Ambati Rayudu slammed an unbeaten 64 as India relied on an all-round display to thrash England by six wickets in the third cricket one-dayer and take an unassailable 2-0 lead in the five-match series (Full Coverage: India tour for England)
If you were following the cricket with your eyes shut and ears open, Nottingham wouldn’t have sounded much different from Nagpur on Saturday. You would have heard loud boos cascading down the stands, which were full to the brim with India fans, when James Anderson took the guard towards the end of the first innings. Later in the afternoon, you would have heard the same fans humming the catchy, customary Ravindra Jadeja anthem when he stepped out to finish the game.
Such has been the reversal in the respective fortunes of the two teams that they are barely recognizable from where they were towards the end of the Test series less than a fortnight ago. It’s Jimmy and not Jadeja the crowd is now having a go at, and it’s India and not England who are winning this battle hands down.
So what has happened in this period? To begin with, England are perhaps in a parallel cricketing universe as compared to India when it comes to priorities. Just as India go about their Test commitments in a rather uninterested fashion, the Three Lions appear equally dispassionate about their limited-overs cricket. They just don’t appear to care enough about the ODIs. And in the last two matches, they have played as such.
Carrying no baggage
Secondly, the reinforcements who have arrived from India for the ODI leg have come without any baggage of defeat. It certainly has reflected in the way they have played. Especially Suresh Raina and Rayudu, the two architects of India’s emphatic win on Saturday.
At the press conference the other day, Raina, who scored a match-winning hundred in Cardiff in the first game, said he loves playing against England. Today, he again came up with a very public display of that affection. Not just with bat, but with ball and his fielding as well. Earlier in the series, Dhoni spoke about how Raina, with his more than handy part-time spin, often bails him out of trouble. India, having put England in to bat, certainly were in a bit of trouble early on. Openers Alex Hales and Cook had put on an 82-run partnership and one of India’s pacers, Mohit Sharma, had hobbled off the ground with a leg injury. Dhoni was a bowler short. He summoned Raina in the 18th over, and a breakthrough followed.
Coming from around the wicket, he enticed Hales into playing an ill-advised sweep. The ball took the top-edge and Dhoni took a comfortable catch. Like in Cardiff, the first England wicket triggered a collapse, with another part-timer, Rayudu, who came in place of the injured Rohit Sharma, accounting for Cook. The England captain charged down to the spinner who fired a wide down the leg-side. An alert Dhoni did the rest.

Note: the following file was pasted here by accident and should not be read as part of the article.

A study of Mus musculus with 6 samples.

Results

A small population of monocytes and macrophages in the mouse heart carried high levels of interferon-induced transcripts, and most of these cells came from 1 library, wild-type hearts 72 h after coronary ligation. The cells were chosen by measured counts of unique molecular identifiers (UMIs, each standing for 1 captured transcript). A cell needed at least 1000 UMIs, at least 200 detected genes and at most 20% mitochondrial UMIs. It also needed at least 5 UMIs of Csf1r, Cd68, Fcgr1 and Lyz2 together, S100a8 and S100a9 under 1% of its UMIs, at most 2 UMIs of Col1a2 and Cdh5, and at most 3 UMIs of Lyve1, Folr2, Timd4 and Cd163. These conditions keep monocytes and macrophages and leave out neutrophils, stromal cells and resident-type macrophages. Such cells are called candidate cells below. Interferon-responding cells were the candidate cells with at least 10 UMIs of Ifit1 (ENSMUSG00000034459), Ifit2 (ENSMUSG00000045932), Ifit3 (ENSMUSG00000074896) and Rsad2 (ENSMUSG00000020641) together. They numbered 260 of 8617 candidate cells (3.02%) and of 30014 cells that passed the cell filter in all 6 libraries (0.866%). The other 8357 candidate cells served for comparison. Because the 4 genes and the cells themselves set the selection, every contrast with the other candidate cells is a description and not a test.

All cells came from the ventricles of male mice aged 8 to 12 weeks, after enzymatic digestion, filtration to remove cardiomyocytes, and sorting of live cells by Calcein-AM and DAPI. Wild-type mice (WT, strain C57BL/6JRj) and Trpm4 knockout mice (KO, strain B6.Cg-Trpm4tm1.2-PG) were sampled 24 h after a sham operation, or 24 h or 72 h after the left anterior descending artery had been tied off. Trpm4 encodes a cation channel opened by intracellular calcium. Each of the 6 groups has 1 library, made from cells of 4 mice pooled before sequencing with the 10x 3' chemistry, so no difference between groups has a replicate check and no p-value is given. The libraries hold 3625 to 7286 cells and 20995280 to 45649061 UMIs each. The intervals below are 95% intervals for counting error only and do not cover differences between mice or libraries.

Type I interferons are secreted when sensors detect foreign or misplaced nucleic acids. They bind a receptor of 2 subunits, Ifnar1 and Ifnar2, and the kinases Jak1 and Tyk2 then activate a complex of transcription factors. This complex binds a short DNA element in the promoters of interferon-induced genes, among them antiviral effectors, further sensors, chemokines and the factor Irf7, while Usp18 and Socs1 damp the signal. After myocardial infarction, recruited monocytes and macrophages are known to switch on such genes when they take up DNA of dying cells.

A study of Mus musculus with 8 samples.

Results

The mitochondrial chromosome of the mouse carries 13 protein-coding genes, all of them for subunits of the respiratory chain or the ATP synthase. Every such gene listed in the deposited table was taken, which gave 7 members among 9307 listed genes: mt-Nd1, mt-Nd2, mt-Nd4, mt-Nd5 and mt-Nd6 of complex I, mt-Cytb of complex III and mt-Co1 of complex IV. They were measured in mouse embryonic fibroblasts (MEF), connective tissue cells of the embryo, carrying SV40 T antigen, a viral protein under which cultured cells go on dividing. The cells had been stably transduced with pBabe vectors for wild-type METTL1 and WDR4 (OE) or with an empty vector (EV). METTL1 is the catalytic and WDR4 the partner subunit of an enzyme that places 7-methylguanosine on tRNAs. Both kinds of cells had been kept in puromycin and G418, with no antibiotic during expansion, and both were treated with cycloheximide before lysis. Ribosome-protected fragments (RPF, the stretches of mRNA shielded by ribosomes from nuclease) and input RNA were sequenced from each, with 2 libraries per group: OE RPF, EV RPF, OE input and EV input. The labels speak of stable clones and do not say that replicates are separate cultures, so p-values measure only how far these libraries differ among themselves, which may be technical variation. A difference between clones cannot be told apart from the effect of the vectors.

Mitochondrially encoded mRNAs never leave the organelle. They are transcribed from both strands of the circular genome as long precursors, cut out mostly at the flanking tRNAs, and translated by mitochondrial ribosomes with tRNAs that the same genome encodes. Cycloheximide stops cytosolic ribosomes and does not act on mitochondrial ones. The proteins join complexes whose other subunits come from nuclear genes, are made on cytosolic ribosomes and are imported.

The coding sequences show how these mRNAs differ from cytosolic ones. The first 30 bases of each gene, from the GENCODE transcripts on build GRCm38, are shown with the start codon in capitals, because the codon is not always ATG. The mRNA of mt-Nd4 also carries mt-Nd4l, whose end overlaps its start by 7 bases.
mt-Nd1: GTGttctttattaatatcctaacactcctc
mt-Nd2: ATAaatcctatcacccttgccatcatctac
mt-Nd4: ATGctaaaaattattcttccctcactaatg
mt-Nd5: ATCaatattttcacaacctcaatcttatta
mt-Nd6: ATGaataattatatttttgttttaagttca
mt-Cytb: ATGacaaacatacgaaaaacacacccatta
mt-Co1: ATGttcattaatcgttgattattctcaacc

Ravichandran Ashwin and Ravindra Jadeja then ran through the middle order as England froze in fear at the sight of a turning track. Their abject display was captured most tellingly by this stat: Between overs No. 17.4 and 43.4, i.e.156 balls, they scored only one boundary.
India, on the other hand, showed that even the last piece of the jigsaw seemed to have fallen into place with their spectacular fielding.
Dhoni led the way from behind the stumps, while Mohit Sharma’s direct hit from the deep did England’s spin antidote Ian Bell in. The piece-de-resistance was Raina’s acrobatic single-handed catch at second slip to send back Ben Stokes. It alone proved that India have indeed come a long way from the Test series, where they just couldn’t hold on to any in the cordon.
James Tredwell’s lusty hits down the order added a hint of respectability to the home team’s total. But it couldn’t hide the fact that all 10 English wickets fell for a mere 145 runs. In Cardiff, the corresponding stat was 107 runs.
On a certified batting track, 227 was never going to pose any challenge, but there was some doubt over India’s top order with the regular opener Rohit out due to injury and Shikhar Dhawan struggling for runs. Expectedly, Rahane was promoted and he batted with abandon, playing authoritative cuts and pulls off England’s pacers. He even stepped out and lofted Stokes for a six over long-off.
However, his innings didn’t fulfill the promise — as Rahane’s ODI knocks rarely do — and he was caught behind off Finn for 45.
While Rahane played like a regular opener, Dhawan (16) seemed like a makeshift one, gifting away his wicket to Chris Woakes by hitting straight at point. Virat Kohli, too, had a soft dismissal after an attractive 40, flicking Woakes off his pads straight to mid-on.
India were still 108 runs away, but Rayudu and Raina snuffed out any hopes England might have had of making a match out of it.
Rayudu played shots all around, but the standout was the cheeky uppercut to the third-man boundary which he employed twice — the second time to bring up his half-century. If India had any worries after Rohit’s injury, they will have a happy headache in the middle-order after the opener returns.